Northern Ireland v Faroe Islands: Only a win will do for Worthy’s boys
It's four years ago this month since Nigel Worthington took charge of his first game as Northern Ireland manager. An early David Healy goal eased the nerves as a 3-1 win over Liechtenstein at Windsor Park was secured.
Worthington needs the same outcome in his 37th match as international boss, against a side similar in stature to the 2007 opponents.
Yes, only a win will do at home to the Faroe Islands in the European Championship qualifier. Almost goes without saying.
There's something else we could do with at Windsor tomorrow and that's a sense of togetherness.
That, along with too many games, has been lost recently.
Just think back to the Carling Nations Cup games in May when those involved with our national side appeared to be pulling in different directions. Fans, manager, players, Irish FA.
Result? A 5-0 hammering against the Republic and a 2-0 loss to Wales.
The Welsh defeat was disappointing, the Republic humiliation bordering on the disgraceful.
The pitiful performance from a patched up Northern Ireland side against an understrength Republic team was painful enough, but the scandalous shenanigans that surrounded it made the whole sorry experience even worse.
Some senior players didn't turn up for the derby and neither did Northern Ireland fans, who arranged a boycott after the Irish FA shamefully charged the supporters extra money in order to see the Carling games after making late changes to travel and ticketing arrangements.
The IFA may no longer be the circus it was a few years ago when Raymond Kennedy was president, but clearly some clowns still work at in Windsor Avenue, coming up with ludicrous decisions like that.
Just 210 Northern Ireland supporters travelled to Dublin for the Republic encounter compared to the 6,000 expected to go when the fixture was first announced.
By the time the fifth goal went in, most of the 210 were chanting “Nigel, Nigel time to go”, frustrated by losing so heavily and continuing a dreadful run of form that read one win in 18 games. It became one victory in 19 after the Wales reverse, incidentally watched by just 59 members of the Green and White Army, which for the trips south became a platoon.
If it becomes one in 20 tomorrow, Windsor Park will not be a welcoming place for the gaffer, with spectators on the Kop sure to hark back to the success of predecessor Lawrie Sanchez.
In contrast, the vast majority of the media feel Nigel, an engaging character, can do no wrong. Journalists, written and broadcast, have a much better relationship with the current boss than the last one (Lawrie's press conferences were so frosty they may as well have been held in the Antarctic).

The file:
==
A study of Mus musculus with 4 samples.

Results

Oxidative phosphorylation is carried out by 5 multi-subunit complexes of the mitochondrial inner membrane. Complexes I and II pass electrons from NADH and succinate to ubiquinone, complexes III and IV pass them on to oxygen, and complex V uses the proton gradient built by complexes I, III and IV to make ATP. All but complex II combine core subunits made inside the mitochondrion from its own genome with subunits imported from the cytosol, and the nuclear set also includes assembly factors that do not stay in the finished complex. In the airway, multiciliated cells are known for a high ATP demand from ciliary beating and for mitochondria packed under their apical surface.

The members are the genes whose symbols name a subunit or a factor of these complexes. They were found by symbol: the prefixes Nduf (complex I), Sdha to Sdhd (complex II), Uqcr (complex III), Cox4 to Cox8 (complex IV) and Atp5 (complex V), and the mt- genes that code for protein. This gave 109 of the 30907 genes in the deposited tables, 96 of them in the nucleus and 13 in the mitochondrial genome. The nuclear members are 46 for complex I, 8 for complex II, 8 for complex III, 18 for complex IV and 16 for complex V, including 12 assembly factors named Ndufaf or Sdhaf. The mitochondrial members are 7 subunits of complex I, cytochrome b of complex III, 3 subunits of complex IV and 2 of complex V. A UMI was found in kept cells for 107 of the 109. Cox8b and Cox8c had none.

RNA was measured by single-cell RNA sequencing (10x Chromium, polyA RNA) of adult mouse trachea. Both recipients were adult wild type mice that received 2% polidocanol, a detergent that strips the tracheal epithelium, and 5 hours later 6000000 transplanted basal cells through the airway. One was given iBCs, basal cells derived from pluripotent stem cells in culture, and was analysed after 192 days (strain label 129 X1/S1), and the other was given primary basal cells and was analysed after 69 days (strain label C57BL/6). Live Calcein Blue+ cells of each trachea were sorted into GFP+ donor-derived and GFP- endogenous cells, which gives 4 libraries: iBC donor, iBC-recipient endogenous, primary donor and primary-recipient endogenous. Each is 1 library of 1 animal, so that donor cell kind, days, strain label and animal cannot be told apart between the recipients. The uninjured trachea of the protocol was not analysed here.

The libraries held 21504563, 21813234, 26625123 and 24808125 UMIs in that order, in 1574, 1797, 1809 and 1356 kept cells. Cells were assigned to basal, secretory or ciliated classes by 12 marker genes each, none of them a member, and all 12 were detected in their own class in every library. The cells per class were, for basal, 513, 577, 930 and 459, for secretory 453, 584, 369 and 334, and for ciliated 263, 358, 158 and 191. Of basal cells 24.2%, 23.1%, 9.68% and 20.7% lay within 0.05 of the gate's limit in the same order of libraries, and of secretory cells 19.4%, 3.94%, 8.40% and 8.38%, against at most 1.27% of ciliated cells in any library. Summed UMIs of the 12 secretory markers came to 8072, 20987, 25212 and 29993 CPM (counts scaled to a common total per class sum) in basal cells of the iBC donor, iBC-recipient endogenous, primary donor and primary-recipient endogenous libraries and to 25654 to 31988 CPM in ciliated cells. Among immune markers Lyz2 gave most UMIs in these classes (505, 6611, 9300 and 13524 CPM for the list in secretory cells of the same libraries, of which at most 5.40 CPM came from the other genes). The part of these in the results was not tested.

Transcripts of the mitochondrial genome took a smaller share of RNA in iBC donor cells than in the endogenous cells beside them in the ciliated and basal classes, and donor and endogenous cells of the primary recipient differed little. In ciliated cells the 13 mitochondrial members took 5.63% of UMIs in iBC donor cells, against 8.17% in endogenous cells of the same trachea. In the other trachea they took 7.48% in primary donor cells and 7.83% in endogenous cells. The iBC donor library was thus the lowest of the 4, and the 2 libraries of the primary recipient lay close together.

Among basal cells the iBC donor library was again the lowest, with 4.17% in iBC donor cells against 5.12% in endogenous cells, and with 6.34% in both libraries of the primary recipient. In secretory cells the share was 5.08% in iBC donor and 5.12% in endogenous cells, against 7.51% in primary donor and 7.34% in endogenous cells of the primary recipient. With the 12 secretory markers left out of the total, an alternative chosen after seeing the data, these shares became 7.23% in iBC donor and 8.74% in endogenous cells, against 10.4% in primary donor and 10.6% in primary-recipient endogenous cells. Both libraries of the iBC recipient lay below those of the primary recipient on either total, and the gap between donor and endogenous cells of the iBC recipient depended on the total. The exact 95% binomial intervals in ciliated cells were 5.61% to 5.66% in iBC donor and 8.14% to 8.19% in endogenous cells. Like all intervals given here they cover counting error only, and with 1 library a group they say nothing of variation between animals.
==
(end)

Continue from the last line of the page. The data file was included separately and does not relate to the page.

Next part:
I'm one of the few to have criticised Worthy, believing results haven't been up to scratch, team selection on occasion has been flawed and tactics, especially at home, could be more adventurous.
Some respected media colleagues have stated that Nigel should be awarded an extension to his contract. Not yet. He has much work to do in the coming months to earn that.
To Nigel's credit he has achieved one of the finest victories on the road in our recent history (a 1-0 win in Slovenia) brought lively youngsters, such as Corry Evans, on to the international scene and got players like Gareth McAuley and Kyle Lafferty playing to their full potential at international level.
He's also been unlucky to be boss at a time when certain players born and coached here want to play for the Republic – James McClean, the latest on a growing list.
As an experienced football man though, an excellent defender in his day, one time Premiership manager and now international boss, Worthington knows it's results that count.
And the bottom line is that his, as international boss, must improve.
He needs support to achieve that, primarily from his players and also the fans.
That's where the togetherness comes in.
No matter how the supporters feel about Worthington's position or the IFA — another boycott for next year's home friendly with Norway is being discussed — tomorrow is the time for fans to get behind the boss and his team.
And in turn Nigel and the players need to deliver an impressive winning performance against the Faroes, not the lack-lustre effort that saw Brian Kerr's men grab a shock 1-1 draw earlier in the qualifiers.
We've five games left in the campaign and I feel, with the way other sides in the group bar Italy are slipping up, finishing as runners-up and gaining a play-off place is a distinct possibility.
Ten points out of the 15 remaining might do. Twelve points definitely would.
That means Windsor victories tomorrow, against Serbia next month and home and away wins over Estonia.
Tall order, but by sticking together, it can be achieved.